Tom Strickler

Columbia Borough Superintendent Tom Strickler.

The Columbia Borough school board is expected to vote Thursday night on whether to part ways with a superintendent who has been a polarizing figure from the time he was hired.

According to a meeting agenda, the board will vote either to replace Tom Strickler when his contract expires in December or retain him for an additional three to five years.

Strickler, who became superintendent in January 2018, said in a phone interview Wednesday that he was surprised to see the item on the agenda. Based on conversations he’s had with the board, Strickler said, he was expecting a contract extension of at least four years.

“I was not aware that they were going to put anything on the agenda,” he said.

Board President Charles Leader and Vice President Kathleen Hohenadel did not return phone calls or an email message sent Wednesday afternoon. Board member Lauren VonStetten, when reached by LNP | LancasterOnline, declined to comment.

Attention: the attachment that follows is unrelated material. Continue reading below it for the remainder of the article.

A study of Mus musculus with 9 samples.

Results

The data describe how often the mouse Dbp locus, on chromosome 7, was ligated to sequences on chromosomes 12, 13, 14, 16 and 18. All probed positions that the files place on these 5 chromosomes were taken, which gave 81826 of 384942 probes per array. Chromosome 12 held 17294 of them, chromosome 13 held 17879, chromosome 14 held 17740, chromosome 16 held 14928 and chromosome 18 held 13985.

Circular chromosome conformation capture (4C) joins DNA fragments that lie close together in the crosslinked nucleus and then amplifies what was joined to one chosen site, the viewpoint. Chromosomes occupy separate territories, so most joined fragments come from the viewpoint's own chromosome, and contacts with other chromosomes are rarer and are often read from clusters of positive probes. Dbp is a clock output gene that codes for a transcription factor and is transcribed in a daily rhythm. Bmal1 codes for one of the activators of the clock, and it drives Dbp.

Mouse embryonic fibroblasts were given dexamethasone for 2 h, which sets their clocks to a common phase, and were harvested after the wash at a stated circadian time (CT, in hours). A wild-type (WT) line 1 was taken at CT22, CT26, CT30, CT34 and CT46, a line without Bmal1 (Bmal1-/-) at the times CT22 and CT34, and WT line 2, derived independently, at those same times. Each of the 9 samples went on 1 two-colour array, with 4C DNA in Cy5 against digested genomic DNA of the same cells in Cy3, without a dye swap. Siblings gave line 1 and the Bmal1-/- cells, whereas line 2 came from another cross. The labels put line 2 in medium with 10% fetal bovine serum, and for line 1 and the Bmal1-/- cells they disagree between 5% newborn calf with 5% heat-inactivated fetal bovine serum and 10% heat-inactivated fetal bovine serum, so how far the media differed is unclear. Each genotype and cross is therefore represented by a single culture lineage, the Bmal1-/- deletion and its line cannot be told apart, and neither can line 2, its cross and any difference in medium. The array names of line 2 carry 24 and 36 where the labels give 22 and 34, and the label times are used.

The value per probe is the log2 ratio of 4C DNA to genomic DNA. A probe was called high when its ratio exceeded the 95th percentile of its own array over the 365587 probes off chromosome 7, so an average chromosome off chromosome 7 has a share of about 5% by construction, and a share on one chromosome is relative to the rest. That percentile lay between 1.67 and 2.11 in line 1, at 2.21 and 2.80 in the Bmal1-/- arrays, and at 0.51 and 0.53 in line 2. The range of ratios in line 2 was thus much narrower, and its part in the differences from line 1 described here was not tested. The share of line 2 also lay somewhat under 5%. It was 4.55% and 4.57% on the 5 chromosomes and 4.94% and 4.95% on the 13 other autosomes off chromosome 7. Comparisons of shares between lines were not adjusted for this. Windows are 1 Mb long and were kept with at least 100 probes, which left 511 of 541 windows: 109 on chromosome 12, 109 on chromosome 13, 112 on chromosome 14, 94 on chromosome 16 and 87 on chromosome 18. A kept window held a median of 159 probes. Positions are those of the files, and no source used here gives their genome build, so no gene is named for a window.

Strickler was hired as superintendent following a first-of-its-kind shared leadership experiment in which Eastern Lancaster County Superintendent Bob Hollister ran both districts for a school year and a half starting in 2016. Both districts continue to share IT and business services.

Strickler’s current salary is $107,000.

The board approved Strickler’s hire in November 2017 by a 6-3 vote. Leader and Hohenadel accounted for two of the three dissenters.

After the vote, Hohenadel told a reporter Strickler was “a divisive figure” and expressed concern with Strickler’s business-oriented background.

A 1976 Columbia High School graduate, Strickler spent more than three decades in business before he returned as a Columbia administrator, though he did serve on the school board for 15 years, 10 as president.

He holds a bachelor’s degree in business administration from Elizabethtown College and a master’s in the same from University of Phoenix.

In order to become superintendent as a noneducator, he acquired a commission qualification letter from the Pennsylvania Department of Education.